You have probably seen on television or read about the deadly gang fight that took place in Waco Texas on May 17th 2015.
What started out as a laid back Sunday afternoon for families out shopping and dining turned into an all-out battle between rival biker gangs resulting in 9 dead, others wounded and over 170 arrested.
Immediately people began commenting on social media and in article comments about bikers in general. Comments ranged from “anyone wearing leather and riding a bike is either a criminal or a wannabe tough guy”, to “All bikers are the scum of the earth”.
While in other parts of the world motorcycles can comprise the majority of vehicles on the road, in the US it’s a little different. I would venture to say the majority of people riding motorcycles in the US do it for pleasure and not as a sole means of transportation.
You can Google motorcycle clubs and get an education on when they started becoming popular and the differences between the various types of clubs.
While the notorious Hells Angels, Bandidos, Mongols, Outlaws and others are considered one percenters and wear a patch showing 1%, and are what any normal person would call a criminal enterprise. The other 99 percent are fraternal, social or family type clubs.
Motorcycle clubs that fall into the mainstream are The Blue Knights. While the largest of the 1% clubs boast a membership of less than 3000 worldwide, the Blue Knights, made up of active and retired Law Enforcement Officers have over 19,600 members in 26 countries.
There are numerous Military Veterans clubs and one in particular needs mentioning, The Patriot Guard. Known as Patriot Guard Riders or PGR, they state on their website “The Patriot Guard Riders is a 100% Volunteer, Federally registered 501(c)3 non-profit organization which ensures dignity and respect at memorial services honoring Fallen Military Heroes, First Responders and Honorably Discharged Veterans” In other words they escort remains, hold flag lines at grave side, provide bike escorts for servicemen and women returning from combat zones. Escort and stand flag lines for military ceremonies and place flags on graves over Memorial Day. And yes some have beards and wear leather vests and are big and scary looking.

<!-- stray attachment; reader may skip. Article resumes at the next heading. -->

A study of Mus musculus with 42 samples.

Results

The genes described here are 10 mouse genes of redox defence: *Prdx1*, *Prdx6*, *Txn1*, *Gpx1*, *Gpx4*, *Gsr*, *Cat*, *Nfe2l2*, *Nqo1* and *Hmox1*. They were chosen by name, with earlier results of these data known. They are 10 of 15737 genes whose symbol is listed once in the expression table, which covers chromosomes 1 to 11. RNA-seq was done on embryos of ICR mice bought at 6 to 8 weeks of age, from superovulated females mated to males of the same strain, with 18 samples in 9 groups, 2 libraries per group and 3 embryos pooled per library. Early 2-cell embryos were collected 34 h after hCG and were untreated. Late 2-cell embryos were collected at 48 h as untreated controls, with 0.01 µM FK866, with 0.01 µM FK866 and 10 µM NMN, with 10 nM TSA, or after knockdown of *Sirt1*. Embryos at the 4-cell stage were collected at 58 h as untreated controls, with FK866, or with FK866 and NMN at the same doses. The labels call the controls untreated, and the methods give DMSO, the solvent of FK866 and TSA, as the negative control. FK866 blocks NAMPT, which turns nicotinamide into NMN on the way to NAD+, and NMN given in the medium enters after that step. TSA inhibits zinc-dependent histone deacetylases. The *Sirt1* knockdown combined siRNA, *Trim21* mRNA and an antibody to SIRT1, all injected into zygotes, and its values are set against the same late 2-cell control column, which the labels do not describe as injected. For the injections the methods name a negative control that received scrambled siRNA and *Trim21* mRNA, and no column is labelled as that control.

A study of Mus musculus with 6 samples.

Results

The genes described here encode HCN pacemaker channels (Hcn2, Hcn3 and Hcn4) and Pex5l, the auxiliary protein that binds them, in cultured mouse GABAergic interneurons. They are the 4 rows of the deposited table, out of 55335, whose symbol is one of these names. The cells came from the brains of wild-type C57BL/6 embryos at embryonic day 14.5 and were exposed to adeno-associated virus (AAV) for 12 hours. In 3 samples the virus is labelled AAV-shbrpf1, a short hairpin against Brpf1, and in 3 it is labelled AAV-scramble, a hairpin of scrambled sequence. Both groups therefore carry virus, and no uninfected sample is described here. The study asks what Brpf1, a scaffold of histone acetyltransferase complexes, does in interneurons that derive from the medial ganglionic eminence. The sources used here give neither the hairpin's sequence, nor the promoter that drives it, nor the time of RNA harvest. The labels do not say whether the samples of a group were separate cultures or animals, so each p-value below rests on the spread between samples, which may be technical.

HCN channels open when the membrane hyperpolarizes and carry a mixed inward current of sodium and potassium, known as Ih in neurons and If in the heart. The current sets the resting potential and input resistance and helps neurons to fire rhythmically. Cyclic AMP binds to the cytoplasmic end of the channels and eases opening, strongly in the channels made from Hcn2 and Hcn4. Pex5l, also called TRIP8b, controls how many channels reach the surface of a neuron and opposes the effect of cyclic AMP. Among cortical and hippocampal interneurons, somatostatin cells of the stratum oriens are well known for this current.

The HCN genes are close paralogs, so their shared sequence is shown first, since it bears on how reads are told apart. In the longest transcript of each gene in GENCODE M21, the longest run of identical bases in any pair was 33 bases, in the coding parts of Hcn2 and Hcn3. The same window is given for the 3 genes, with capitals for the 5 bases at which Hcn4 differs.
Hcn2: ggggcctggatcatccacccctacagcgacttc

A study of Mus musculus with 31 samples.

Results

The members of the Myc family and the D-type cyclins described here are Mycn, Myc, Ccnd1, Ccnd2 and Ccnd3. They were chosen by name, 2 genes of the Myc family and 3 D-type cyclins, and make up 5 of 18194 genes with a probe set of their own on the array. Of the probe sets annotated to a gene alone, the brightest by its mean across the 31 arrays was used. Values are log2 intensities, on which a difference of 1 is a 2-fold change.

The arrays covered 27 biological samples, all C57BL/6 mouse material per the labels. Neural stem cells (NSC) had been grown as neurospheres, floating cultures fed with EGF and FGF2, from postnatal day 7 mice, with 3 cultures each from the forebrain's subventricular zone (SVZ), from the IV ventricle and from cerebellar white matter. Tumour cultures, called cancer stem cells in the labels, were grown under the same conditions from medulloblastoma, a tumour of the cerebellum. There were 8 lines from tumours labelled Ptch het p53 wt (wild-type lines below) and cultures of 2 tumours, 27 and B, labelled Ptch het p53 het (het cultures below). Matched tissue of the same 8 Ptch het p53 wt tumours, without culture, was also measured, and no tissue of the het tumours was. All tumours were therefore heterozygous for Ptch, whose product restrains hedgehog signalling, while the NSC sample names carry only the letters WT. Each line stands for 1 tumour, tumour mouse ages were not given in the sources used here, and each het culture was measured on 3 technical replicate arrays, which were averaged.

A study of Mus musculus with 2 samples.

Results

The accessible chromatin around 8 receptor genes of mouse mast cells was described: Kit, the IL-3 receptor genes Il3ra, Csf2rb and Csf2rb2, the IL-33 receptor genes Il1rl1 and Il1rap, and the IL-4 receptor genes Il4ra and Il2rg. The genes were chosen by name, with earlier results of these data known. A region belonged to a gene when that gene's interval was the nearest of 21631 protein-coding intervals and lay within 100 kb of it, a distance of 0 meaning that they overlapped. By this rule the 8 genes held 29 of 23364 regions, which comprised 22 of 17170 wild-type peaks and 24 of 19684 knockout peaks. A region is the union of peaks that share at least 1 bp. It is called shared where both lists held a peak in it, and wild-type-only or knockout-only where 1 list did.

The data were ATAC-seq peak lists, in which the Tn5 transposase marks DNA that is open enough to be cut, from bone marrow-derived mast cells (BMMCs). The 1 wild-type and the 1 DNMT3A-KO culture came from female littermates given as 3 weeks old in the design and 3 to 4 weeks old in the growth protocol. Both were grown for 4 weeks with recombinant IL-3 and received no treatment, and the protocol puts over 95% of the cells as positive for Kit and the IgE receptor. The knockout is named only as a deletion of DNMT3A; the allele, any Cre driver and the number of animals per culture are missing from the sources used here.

There is the Rolling Thunder and the Red Knights . There are numerous Military, Police, Firefighter related clubs. There are clubs for every make of motorcycle from Harley Owners Group (HOG), Honda , Ducati, BMW, sport bike clubs, masonic clubs, church clubs and more.
Most of them wear leather and have patches. Not to look mean and scary but the leather serves a purpose of protecting your skin if you should hit the road. The patches designate the clubs and also the individual tastes of the rider. Some are patriotic, some funny, some vulgar and a few just make no sense but the rider who wears them likes them.
Some patches are kinda like tattoos. Whether you are famous, not so famous, sitting in prison or whatever I have seen some tattoos that make no sense. But the person that got the tattoo liked it. At least they thought so at the time. The difference is the patch can always come off the vest. Not so with a tattoo on your leg stating “No Regerts”
Here is a little etiquette for when you happen to see bikers on the road.
First and foremost. Pay attention. You know, like you were taught when you started driving? I can’t tell you how many times people have pulled out right in front of me. Don’t tailgate, we get it you’re in a bigger vehicle. If you decide to pass, don’t see how close you can come to my bike when doing it. And if you see a group of bikers riding two abreast down the highway you might want to think twice about passing at all. If you happen to pass a 1% club out for a ride they might take offense.
Having come across the evil 1% patch guys on occasion, I can say I have never encountered problems. As is the case of the incident in Waco, most violent fights occur between rival clubs and not directed at the “civilian”. But as you saw in the reports when fighting does occur they have little regard as to the innocent bystanders.
The bottom line is not all bikers are outlaws. In fact most aren’t, that’s why the outlaws wear a 1% patch.